Title: How's Your Drink?: Cocktails, Culture, and the Art of Drinking Well
Author: Eric Felten
my stated mission for the blogging year. How's Your Drink? is the second non-fiction book I've read recently on the subject. Whereas the quest of David Wondrich's Imbibe! (reflection here) is authentic history, Felten's book is more free-wheeling. Felten still includes plenty of history but he explores broader topics, too: liquor-related scandals, drinks and gender, drinks and the military, drinks and the holidays and, soberly, drink and addiction. While I would give Wondrich the win for likely accuracy, Felten's book is more fun.
Most enjoyable for me are the many film and literature references. Predictably, James Bond gets lots of love. 007's tastes are much mocked by cocktail enthusiasts but there's no doubt author Ian Fleming inspired many of those same enthusiasts with the ink devoted to the vodka martini and the Americano. The gimlet plays a starring role in Raymond Chandler's The Long Goodbye. There are a couple references to The Thin Man, one of my wife's favorite movies, including Nick's advice on cocktail shaking: "Always have rhythm in your shaking. Now, a Manhattan you shake to fox-trot time, a Bronx to two-step time, a dry Martini you always shake to waltz time."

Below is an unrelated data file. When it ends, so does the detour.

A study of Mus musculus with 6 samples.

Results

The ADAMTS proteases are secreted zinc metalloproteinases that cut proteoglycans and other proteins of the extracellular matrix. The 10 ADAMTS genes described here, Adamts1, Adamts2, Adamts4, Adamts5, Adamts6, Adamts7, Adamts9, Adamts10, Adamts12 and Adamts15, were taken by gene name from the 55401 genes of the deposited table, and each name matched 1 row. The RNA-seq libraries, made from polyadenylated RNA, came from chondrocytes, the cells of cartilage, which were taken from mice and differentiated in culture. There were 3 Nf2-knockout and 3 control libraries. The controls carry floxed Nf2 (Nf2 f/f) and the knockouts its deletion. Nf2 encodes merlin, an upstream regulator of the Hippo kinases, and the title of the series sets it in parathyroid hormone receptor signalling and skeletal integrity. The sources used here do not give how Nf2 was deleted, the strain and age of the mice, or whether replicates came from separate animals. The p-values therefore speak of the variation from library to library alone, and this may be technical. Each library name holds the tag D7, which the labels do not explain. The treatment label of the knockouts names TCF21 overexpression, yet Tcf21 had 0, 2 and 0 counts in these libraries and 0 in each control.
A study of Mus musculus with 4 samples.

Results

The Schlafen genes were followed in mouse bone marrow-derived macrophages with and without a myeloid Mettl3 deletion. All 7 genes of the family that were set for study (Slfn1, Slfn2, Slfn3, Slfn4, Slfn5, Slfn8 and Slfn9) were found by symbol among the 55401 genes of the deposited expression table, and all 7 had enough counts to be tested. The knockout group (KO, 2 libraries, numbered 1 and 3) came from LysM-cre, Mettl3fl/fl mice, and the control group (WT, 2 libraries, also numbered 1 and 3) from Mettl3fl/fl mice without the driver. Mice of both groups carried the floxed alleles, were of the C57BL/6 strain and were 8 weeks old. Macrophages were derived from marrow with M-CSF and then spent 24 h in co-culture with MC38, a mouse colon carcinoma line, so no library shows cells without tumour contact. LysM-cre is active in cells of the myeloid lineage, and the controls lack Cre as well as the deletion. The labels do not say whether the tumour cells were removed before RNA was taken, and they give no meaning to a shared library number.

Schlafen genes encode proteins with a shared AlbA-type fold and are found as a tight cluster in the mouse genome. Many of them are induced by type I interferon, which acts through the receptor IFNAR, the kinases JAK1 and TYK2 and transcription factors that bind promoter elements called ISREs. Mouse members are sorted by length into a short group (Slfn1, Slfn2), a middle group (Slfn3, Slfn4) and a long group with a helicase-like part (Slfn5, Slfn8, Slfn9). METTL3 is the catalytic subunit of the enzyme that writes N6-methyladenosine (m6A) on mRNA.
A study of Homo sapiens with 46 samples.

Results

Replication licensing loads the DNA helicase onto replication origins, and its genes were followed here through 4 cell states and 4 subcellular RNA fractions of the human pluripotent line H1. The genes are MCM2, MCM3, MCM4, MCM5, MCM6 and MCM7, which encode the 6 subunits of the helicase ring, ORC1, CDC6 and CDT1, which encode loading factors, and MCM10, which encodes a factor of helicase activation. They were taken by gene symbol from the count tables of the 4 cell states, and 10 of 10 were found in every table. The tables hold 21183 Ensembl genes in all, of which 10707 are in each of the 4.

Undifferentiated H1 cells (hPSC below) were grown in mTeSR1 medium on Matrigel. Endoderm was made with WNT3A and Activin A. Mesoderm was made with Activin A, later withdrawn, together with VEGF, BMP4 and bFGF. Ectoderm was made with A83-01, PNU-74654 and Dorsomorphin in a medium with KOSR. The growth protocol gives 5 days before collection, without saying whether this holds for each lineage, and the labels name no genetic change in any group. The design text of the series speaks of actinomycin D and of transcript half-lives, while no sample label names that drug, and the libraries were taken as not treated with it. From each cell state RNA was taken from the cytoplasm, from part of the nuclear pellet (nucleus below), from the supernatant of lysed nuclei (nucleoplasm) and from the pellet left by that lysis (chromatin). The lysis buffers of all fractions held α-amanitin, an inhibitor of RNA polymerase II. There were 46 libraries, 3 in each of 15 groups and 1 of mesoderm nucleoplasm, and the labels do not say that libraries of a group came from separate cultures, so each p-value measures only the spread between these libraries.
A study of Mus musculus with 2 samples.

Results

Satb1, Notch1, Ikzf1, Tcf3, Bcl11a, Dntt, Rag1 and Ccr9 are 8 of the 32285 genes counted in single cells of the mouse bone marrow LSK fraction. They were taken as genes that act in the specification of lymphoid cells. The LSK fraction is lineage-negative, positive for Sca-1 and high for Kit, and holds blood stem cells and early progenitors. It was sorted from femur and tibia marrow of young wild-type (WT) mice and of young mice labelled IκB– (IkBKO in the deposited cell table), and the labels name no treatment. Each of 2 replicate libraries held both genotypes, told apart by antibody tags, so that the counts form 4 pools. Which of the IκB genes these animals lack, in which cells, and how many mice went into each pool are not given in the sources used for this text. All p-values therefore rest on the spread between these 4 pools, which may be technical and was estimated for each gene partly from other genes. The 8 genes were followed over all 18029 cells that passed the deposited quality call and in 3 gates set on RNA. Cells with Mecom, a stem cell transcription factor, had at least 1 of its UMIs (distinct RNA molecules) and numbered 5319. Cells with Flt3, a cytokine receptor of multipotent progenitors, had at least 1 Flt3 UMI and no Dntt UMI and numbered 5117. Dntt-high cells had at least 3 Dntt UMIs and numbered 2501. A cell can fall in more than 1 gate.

Felten comes from a family of jazz musicians so not surprising that the music world gets its due. The bar blender, without which frozen daiquiris and margaritas would not exist and Jimmy Buffet would have lacked a clever rhyme, was marketed and popularized by Fred Waring, a Jazz-Age bandleader. Unfortunately, this same squealing blender has been the bane of existence for musicians playing in bars ever since.
It's a fun read. I am glad to have read both in succession as I now feel well-equipped to drone on Cliff Clavin-style about cocktails to whomever will listen. I'll be trying Fenten's recipes, too. Stay tuned.